May 17, 2014 4:54 am JST

Tokyo stocks continue descent as retail investors head to exit

TOKYO -- With scant likelihood of a broad stock rally, individual investors have begun to unload their loss-laden holdings, extending the market's losing streak.

     On Friday, the Nikkei Stock Average dipped more than 280 points at one point, almost touching the psychologically important 14,000 mark and nearing the year-to-date low of 13,910 set on April 14.

     Of all the issues on the Tokyo Stock Exchange's first section, 197 fell to year-to-date lows. The tally is second only to April 11, when 372 sank to the bottom. About 80% of the 197 were small and midsize companies with market capitalizations of less than 100 billion yen ($974 million), which were often targeted by retail investors.

     Internet media operator Livesense, which announced Thursday a profit decrease for the first three months of this year, went limit-down on Friday. Game arcade operator Round One and horse-racing-track operator Tokyotokeiba, as well as other stocks that depend mainly on domestic demand, also saw steep drops.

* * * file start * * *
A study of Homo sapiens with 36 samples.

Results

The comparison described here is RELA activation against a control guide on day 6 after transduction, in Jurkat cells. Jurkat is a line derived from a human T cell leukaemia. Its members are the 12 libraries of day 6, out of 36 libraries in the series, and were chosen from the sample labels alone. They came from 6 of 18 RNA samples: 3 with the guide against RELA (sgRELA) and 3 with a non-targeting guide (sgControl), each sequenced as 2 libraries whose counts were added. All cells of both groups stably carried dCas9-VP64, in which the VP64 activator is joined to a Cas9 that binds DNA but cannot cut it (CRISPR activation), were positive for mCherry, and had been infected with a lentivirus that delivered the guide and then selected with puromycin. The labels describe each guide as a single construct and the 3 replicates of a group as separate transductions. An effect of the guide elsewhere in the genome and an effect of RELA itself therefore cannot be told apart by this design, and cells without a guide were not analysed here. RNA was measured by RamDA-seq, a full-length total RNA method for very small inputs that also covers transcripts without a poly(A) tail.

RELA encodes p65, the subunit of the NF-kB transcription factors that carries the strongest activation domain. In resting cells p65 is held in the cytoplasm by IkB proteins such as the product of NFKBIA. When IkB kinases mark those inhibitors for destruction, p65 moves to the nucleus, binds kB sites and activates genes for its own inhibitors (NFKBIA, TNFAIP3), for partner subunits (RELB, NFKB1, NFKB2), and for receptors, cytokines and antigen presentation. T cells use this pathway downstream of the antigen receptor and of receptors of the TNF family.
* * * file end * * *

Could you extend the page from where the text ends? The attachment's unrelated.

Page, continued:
Startup stocks are lackluster as well. The Nikkei Jasdaq Stock Average hit a year-to-date low, and the Tokyo Stock Exchange Mothers market came close to doing so. Both indexes have been undergoing corrections for four months, after reaching highs in January. The Mothers index has fallen over 30%.

     Due to a prolonged market correction, individual investors with latent losses on their shareholdings are not engaging in cyclical trading. The percentage of losses incurred by stocks bought on margin had reached 14.3% on Friday, according to Matsui Securities. To compensate for the losses, "investors are selling domestic-market stocks that are generating profit" to lock in capital gains, said Tomoichiro Kubota, senior market analyst at Matsui.

     Among such examples are high-end restaurant operator Hiramatsu and entertainment ticket provider Pia, which fell 2.5% and 2.3%, respectively, on Friday. These stocks have stayed relatively strong since April, making them ripe for profit-taking.

     The lack of choices for selective buying is also discouraging retail investors. Unlike last year, when smartphone-related stocks and newly listed shares rose, it is now hard to find themes or specific shares in which individual investors can park their money, says an analyst at Sumitomo Mitsui Asset Management.